Dear Dave McFarlane,

I don't know how it is down in Florida, but here in Grand Forks spring starts with the rhubarb festival at University Lutheran Church. Summer ends with the apple fest at First Presbyterian Church. And that's coming up this Saturday.

I know you are among the many people who choose to get away to the sunshine in Florida from time to time. Others start thinking this time of year of the sunshine and desert of Arizona.

Me?

Well, since my sister Shirley died down in Tucson, I have settled for staying home. I like to sit around on Cottonwood Street and say, "We stay here because we like it here."

UND band concert

With the University of North Dakota here, Grand Forks is a place for all ages. All year long. Tonight, for instance, there's a UND band concert at 8 p.m. in the Chester Fritz. It's conducted by Dr. James Popejoy and will feature the wind ensemble.

Then there is all kinds of research and studies always under way at UND.

Just recently I was reading research showing that males are more likely to "die" and females are more likely to "pass away."

When I found that in the fine print explaining a study by a UND psychology professor, I was puzzled. When I took my questions to Professor Ric Ferraro, I found reasons for his study. A study that will be published in the journal Death Studies.

You see, Professor Ferraro teaches about death and dying in his psychology classes on adulthood and aging. While the subject might seem morbid, he says, "You can't avoid things like death."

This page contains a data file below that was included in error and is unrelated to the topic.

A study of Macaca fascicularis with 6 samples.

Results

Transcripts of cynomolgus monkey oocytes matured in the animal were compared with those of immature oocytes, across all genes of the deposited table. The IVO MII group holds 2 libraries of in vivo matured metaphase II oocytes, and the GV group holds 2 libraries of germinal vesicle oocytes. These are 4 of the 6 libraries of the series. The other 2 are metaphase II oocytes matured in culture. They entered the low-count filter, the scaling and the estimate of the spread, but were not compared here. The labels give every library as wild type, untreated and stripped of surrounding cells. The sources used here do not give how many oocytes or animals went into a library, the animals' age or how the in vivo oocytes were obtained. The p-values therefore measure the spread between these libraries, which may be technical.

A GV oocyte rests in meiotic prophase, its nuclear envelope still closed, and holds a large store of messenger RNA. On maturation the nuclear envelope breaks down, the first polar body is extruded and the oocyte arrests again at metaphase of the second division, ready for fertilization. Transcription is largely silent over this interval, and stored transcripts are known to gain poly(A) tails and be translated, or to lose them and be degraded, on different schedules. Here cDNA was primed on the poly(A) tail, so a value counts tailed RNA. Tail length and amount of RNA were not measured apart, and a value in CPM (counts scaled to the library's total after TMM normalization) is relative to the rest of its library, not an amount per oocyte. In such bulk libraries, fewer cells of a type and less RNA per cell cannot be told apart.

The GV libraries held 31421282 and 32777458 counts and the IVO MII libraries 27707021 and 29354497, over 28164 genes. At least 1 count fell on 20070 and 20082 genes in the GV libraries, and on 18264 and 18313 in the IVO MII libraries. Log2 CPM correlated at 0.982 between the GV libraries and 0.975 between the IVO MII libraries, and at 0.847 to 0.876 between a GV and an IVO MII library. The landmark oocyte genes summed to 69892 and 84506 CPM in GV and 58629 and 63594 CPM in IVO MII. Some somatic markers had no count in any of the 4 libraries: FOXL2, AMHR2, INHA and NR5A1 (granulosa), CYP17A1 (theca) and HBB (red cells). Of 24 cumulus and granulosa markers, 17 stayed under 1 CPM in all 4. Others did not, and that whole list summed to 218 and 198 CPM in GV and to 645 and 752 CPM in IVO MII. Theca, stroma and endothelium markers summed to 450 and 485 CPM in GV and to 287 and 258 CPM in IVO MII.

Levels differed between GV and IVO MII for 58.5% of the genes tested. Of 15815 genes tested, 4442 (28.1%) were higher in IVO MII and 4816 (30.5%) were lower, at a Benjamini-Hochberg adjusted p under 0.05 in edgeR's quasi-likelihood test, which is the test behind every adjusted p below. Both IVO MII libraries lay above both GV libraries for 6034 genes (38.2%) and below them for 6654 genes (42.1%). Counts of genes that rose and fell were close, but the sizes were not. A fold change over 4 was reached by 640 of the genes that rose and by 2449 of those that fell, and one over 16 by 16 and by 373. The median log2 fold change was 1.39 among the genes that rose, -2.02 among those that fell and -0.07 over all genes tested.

And he notes there is an explosion of old people worldwide.

Still, there is not a large number of students going into geriatrics. Many in his classes are studying nursing, occupational therapy or biology. Not many are thinking of retirement or aging.

Reads obituaries

In his teaching of ageism and death, Professor Ferraro has found obituary notices are less direct and less emotional in language used for females than for males. In a total of 703 consecutive obituaries in the Grand Forks Herald, he found that males were more likely to "die." Females were more likely to "pass away."

The findings are part of Professor Ferraro's research on gender differences.

He says his class members generally are not concerned about death or aging. They may be thinking more about the next hockey game.

Still, the professor believes there is a need to train them to be ready for the trends in adulthood and aging.

Words differ

You may know Professor Ferraro since you get in and out of Grand Forks regularly.

Professor Ferraro appears to be the first to show how words differ on whether the deceased is male or female. Future studies should continue to expand on the way gender is impacted and how society deals with death.

Well, I guess death and taxes are always with us. The more we understand things, I guess the better we will be.

Best regards and greetings to your family from the west bank of the Red River of the north.

Your friend, Marilyn, watching the river go north and the geese going south.